Three years ago this month I was diagnosed with chronic mylogenous leukemia (CML). What followed was a long journey involving chemotherapy, radiation, boat-loads of drugs, a bone marrow transplant and recovery. It required sacrifices like losing what little hair I had left, not being able to drink or be in crowded places with my friends, and having to stop working for a year and a half while undergoing treatment.
There was one sacrifice in particular, however, that always stuck in my craw. I had to stop eating grapefruit. I guess grapefruit interferes with a lot of different drugs so I was told to avoid it.
Earlier this week I was back at Princess Margaret Hospital in Toronto for my regular 3-month blood work and checkup. Since the transplant, the no-grapefruit drug in question that I’ve been taking is a drug called Gleevec. It’s typically used to treat CML patients but is also given to post-transplant patients for a couple years to help reduce the risk of rejection or relapse.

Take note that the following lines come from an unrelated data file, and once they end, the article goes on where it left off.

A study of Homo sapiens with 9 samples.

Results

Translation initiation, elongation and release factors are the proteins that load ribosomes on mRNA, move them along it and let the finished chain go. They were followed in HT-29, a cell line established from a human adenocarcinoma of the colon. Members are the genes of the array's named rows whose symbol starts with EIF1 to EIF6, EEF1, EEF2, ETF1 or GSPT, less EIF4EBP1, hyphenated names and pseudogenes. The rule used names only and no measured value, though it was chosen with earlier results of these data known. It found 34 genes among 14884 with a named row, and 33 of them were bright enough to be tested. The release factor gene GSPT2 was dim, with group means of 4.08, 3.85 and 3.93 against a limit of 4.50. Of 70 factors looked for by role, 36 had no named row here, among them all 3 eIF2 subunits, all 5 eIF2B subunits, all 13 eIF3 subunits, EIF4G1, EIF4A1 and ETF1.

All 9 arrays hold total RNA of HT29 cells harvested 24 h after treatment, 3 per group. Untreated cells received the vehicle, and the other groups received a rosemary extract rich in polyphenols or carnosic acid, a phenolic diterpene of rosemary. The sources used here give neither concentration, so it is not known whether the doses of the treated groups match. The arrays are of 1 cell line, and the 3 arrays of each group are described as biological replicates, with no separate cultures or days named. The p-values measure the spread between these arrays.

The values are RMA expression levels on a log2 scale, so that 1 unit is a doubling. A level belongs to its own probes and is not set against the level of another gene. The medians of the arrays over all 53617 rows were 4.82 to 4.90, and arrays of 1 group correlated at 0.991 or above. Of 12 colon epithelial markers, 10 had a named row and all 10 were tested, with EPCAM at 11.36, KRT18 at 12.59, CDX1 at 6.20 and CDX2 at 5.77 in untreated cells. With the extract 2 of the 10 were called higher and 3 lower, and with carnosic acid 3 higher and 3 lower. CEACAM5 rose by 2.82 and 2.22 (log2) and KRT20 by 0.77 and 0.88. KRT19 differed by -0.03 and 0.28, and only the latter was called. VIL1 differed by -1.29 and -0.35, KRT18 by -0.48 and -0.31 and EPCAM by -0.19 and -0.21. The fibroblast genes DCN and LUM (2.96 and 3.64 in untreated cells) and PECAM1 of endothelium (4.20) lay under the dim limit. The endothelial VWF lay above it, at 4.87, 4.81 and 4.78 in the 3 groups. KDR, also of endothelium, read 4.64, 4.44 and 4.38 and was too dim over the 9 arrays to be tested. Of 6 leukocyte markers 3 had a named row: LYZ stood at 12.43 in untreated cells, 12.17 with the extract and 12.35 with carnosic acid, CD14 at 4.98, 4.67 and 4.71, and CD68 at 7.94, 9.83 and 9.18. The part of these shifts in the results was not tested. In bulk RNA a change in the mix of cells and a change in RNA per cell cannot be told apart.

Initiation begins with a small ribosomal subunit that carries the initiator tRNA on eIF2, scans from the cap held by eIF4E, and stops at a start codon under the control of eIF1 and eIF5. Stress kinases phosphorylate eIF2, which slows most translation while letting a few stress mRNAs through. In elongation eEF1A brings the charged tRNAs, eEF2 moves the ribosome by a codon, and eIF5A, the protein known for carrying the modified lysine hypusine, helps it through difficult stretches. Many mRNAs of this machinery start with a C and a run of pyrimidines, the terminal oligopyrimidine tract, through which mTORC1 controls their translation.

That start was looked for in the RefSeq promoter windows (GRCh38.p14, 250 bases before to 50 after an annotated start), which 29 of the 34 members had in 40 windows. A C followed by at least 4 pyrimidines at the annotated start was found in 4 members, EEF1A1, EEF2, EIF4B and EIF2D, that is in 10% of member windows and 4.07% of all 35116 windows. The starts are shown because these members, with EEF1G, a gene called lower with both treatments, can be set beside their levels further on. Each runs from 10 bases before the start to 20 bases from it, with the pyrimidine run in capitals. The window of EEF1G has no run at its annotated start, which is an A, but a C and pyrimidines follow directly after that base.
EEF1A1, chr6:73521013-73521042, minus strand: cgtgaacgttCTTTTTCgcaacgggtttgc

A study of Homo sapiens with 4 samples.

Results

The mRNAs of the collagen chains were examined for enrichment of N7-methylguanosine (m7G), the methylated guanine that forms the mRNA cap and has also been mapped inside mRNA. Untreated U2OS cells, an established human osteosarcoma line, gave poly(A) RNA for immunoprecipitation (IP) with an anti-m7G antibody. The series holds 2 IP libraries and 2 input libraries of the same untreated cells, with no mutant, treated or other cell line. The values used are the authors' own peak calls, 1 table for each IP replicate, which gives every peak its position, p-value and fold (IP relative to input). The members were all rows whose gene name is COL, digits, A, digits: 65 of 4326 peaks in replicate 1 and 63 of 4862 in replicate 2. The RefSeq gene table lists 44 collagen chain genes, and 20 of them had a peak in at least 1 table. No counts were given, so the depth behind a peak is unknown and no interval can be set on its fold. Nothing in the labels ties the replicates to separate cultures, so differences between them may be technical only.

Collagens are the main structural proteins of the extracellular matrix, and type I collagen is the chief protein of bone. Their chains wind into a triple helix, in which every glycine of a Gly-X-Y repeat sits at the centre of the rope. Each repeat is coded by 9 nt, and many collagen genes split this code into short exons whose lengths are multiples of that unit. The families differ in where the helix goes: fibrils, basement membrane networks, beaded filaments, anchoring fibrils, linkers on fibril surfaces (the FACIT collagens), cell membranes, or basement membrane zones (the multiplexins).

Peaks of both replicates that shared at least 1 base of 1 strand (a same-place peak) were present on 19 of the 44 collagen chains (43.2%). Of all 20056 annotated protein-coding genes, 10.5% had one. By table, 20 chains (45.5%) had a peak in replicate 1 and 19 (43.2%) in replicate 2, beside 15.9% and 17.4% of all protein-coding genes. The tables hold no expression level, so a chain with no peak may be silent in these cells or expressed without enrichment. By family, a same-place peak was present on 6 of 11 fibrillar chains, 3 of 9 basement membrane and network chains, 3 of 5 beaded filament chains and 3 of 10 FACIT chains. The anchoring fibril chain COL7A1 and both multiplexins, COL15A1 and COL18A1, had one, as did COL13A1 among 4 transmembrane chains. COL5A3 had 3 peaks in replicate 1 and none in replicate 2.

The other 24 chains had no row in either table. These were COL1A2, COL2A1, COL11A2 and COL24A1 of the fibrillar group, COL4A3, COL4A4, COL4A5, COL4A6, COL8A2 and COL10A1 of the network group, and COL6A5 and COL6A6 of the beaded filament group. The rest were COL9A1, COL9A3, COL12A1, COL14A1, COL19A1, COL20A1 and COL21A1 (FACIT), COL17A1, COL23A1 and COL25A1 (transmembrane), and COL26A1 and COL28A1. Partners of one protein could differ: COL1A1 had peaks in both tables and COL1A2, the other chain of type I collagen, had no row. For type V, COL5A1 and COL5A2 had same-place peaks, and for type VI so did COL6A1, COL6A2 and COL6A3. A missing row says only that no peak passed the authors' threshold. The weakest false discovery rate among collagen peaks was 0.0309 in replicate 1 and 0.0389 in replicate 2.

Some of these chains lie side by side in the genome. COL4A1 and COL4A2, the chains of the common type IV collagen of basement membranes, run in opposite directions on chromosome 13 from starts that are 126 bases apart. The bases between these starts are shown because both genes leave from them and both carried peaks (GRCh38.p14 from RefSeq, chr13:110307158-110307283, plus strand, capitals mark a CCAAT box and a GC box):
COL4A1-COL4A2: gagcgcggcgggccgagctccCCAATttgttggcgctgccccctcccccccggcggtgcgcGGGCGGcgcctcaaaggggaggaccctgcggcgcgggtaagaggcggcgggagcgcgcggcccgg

Well, it’s been a couple years, my sexy new euro-stem cells are functioning well, and I’ve been giving the green light to stop taking the drug.
I celebrated this milestone by stopping by the grocery store and picking up a big bag of grapefruits. I was positively giddy and I’m sure the grocer thought I was a bit off as I giggled my way through the produce section in the Georgetown supermarket.
I don’t care. It was delicious.
Milestones aren’t always huge events with a lot of fanfare. Often they’re a lot simpler. Like my eyebrows growing back, having my first beer since getting sick, or eating a grapefruit again with my breakfast. As unexciting as they may appear, I think it’s important to identify and appreciate these little milestones, especially during the long journeys that seem to be endless. Celebrating the simple milestones along the way is a great way to keep your spirits up and appreciate the progress you are making.
Eat the tastiest grapefruit EVER? Check.
Duane Elgin, author of “Voluntary Simplicity”, talked about the “invisible wealth of experiential riches.” My “I’ve Never Club” is inspired by this idea and chronicles my reflections on the novel things I’ve done recently.
Funny stories. Good advice. Josh Martin is the author of the book “Simple(ton) Living: Lessons in balance from life’s absurd moments.” Click here to learn more and to purchase a copy.